Young Bear With Badly Burned Paws Rescued From Colorado Wildfire

Lighting initiated a wildfire west of Durango, Colorado, on June 14 that quickly spread. The East Canyon Fire has already burned nearly 3,000 acres and caused countless animals to run for their lives.

Firefighters battling the flames spotted a lone injured bear and immediately called Colorado Parks and Wildlife officers.

All four of the bear’s paws were badly burned and wildlife officers found him resting in reeds next to a pond. Wildlife officers Steve McClung, Andy Brown and Matt Thorpe slowly approached the injured yearling but he did not move.

Photo: Facebook/Colorado Parks and Wildlife

“You could tell it was really hurting,” McClung said.

The officers used a tranquilizer dart to sedate the bear and brought him to Frisco Creek wildlife rehabilitation center to be examined and treated.

“Across the road from where we found it the area was burned heavily,” McClung said. “There were little spot fires and some stumps burning. We can’t say exactly what happened, but it probably got caught and had to move across some hot spots.”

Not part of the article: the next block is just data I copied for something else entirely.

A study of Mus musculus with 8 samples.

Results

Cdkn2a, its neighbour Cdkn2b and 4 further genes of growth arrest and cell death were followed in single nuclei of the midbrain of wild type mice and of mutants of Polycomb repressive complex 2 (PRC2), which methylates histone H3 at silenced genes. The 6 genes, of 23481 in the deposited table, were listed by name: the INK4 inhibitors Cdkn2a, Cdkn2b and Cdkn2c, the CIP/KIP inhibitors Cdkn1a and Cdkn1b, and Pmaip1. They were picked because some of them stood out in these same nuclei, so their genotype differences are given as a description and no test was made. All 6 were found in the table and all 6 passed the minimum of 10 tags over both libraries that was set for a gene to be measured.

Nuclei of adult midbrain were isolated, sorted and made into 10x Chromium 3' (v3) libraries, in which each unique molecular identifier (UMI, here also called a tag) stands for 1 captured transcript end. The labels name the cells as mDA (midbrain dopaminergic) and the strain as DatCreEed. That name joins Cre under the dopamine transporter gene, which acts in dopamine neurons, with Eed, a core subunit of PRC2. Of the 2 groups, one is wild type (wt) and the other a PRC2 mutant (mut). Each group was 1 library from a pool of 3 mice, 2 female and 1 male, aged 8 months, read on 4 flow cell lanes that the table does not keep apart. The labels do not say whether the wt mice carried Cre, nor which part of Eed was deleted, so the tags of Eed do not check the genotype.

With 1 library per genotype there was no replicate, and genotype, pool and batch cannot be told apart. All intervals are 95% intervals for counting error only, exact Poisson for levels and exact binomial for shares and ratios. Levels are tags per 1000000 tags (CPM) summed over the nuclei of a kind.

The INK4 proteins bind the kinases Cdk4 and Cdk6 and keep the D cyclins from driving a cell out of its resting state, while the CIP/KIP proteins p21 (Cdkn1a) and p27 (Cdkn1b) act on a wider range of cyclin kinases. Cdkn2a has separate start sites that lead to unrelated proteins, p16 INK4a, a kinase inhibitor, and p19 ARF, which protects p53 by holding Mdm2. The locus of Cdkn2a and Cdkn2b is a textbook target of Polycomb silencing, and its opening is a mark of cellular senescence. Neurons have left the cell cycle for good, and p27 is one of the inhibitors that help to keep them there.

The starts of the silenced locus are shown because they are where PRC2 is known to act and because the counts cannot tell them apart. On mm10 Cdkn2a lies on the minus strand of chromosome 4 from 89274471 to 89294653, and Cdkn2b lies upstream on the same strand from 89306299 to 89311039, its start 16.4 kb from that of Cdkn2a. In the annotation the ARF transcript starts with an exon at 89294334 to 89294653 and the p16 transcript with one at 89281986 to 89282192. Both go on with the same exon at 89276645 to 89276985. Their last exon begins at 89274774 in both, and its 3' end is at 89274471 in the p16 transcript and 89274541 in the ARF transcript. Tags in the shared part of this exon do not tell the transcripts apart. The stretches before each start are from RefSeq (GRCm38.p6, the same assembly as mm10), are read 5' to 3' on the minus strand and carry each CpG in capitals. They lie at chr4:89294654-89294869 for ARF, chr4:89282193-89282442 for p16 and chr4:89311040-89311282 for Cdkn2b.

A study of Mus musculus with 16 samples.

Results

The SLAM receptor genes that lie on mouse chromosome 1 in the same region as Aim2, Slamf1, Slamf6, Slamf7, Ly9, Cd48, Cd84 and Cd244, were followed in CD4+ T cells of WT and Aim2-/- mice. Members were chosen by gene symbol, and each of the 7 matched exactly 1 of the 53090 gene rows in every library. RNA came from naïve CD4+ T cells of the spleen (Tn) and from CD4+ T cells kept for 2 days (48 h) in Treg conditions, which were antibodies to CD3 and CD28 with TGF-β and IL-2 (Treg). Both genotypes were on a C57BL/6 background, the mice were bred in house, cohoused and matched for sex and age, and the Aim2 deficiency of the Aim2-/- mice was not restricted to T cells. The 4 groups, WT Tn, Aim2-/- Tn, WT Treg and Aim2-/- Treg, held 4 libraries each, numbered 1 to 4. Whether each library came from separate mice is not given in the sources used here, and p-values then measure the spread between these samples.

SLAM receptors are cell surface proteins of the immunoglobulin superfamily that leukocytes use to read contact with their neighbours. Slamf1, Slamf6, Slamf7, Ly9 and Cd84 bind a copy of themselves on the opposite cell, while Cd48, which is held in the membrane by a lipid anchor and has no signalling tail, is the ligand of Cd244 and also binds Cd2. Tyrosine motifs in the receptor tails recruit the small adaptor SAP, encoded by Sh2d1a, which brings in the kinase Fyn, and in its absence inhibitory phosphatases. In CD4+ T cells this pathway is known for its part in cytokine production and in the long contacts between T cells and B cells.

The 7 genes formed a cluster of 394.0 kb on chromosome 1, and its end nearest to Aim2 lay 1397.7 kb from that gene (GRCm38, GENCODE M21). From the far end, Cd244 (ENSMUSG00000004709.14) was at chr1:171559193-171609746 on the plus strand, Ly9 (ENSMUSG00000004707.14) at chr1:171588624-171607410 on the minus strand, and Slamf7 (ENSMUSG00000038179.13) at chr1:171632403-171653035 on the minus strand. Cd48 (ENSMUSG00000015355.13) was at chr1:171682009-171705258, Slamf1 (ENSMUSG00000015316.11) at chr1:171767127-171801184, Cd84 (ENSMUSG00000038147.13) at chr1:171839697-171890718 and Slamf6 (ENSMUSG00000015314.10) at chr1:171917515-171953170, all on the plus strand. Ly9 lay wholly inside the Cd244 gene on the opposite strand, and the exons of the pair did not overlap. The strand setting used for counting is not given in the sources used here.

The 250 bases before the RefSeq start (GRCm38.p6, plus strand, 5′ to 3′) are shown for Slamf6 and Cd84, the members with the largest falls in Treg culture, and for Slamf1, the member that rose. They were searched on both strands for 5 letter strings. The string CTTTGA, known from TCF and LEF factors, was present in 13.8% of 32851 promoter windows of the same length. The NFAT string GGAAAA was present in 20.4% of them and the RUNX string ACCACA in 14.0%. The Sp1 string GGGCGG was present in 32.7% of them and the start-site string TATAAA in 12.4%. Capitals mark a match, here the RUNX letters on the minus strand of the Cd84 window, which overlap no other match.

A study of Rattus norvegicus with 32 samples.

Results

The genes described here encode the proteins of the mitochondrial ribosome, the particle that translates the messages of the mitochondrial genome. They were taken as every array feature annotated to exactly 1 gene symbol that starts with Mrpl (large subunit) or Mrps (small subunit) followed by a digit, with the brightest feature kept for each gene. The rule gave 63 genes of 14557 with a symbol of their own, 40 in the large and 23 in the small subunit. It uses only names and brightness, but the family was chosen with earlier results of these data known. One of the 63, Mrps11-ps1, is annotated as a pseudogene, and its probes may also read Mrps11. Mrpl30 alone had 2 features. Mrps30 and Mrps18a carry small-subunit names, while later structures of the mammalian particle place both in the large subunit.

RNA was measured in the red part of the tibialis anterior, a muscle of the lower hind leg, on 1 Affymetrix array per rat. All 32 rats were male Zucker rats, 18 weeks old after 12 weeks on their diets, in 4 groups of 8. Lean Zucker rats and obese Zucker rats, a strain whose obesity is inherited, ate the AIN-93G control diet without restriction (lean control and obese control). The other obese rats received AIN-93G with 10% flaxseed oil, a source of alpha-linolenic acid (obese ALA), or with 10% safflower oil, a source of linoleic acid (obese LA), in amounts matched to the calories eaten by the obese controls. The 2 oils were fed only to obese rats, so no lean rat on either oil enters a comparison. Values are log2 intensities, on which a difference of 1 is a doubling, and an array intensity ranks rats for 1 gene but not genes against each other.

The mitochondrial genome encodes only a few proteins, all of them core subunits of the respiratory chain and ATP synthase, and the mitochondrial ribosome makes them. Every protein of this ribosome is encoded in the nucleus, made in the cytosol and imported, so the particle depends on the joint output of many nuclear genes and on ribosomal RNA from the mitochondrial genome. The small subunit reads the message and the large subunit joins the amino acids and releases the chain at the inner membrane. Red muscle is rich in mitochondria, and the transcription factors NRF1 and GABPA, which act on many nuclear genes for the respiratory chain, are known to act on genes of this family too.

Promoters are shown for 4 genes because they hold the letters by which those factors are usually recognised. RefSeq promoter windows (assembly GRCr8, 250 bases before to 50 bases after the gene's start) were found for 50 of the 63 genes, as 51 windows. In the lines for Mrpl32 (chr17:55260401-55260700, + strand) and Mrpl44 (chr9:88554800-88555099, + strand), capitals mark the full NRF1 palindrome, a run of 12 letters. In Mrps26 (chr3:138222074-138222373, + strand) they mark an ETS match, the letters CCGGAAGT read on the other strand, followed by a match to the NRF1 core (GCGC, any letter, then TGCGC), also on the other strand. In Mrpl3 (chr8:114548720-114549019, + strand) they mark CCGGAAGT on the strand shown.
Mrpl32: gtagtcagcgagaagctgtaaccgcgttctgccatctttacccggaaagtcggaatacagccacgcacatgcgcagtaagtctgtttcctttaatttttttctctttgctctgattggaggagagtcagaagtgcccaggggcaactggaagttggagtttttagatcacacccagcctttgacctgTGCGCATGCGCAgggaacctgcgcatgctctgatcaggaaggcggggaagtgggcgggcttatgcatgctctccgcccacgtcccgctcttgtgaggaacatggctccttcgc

Photo: Facebook/Colorado Parks and Wildlife

Officers believe the bear is a yearling, the age that they start to venture out on their own, and became surrounded by flames. Thankfully, he escaped and was spotted by firefighters.

Photo: Facebook/Colorado Parks and Wildlife

Michael Sirochman, veterinary manager at the center, examined the bear’s paws and said that while they were badly burned, there was no permanent damage. “The prognosis is good and the underlying tissue is healthy,” Sirochman said. “We cut off the burned tissue that was sloughing off and we put on bandages.”

Photo: Facebook/Colorado Parks and Wildlife

The young bear is expected to make a full recovery and will be released back into the wild in roughly eight weeks. Wildlife officers said they always try to release the rehabilitated animals back to the area they were found.

“We always hate to see injured animals, but we’re pleased we were able to rescue this bear so we can nurse it back to health and return it to the wild,” said Thorpe, wildlife manager in Durango.

Screen Shot: Facebook/Colorado Parks and Wildlife

The East Canyon Fire is still burning but firefighters report that it is 79% contained. Thank you to all the brave firefighters battling the flames and saving lives.

Followers of Colorado Parks and Wildlife are praising those involved in the rescue and relieved to hear the bear will fully recover. One person commented, “Oh my gosh, his poor pads. Animals amaze me with what they can endure to survive. Speedy recovery!!”

See how the injured bear is getting around in the video below.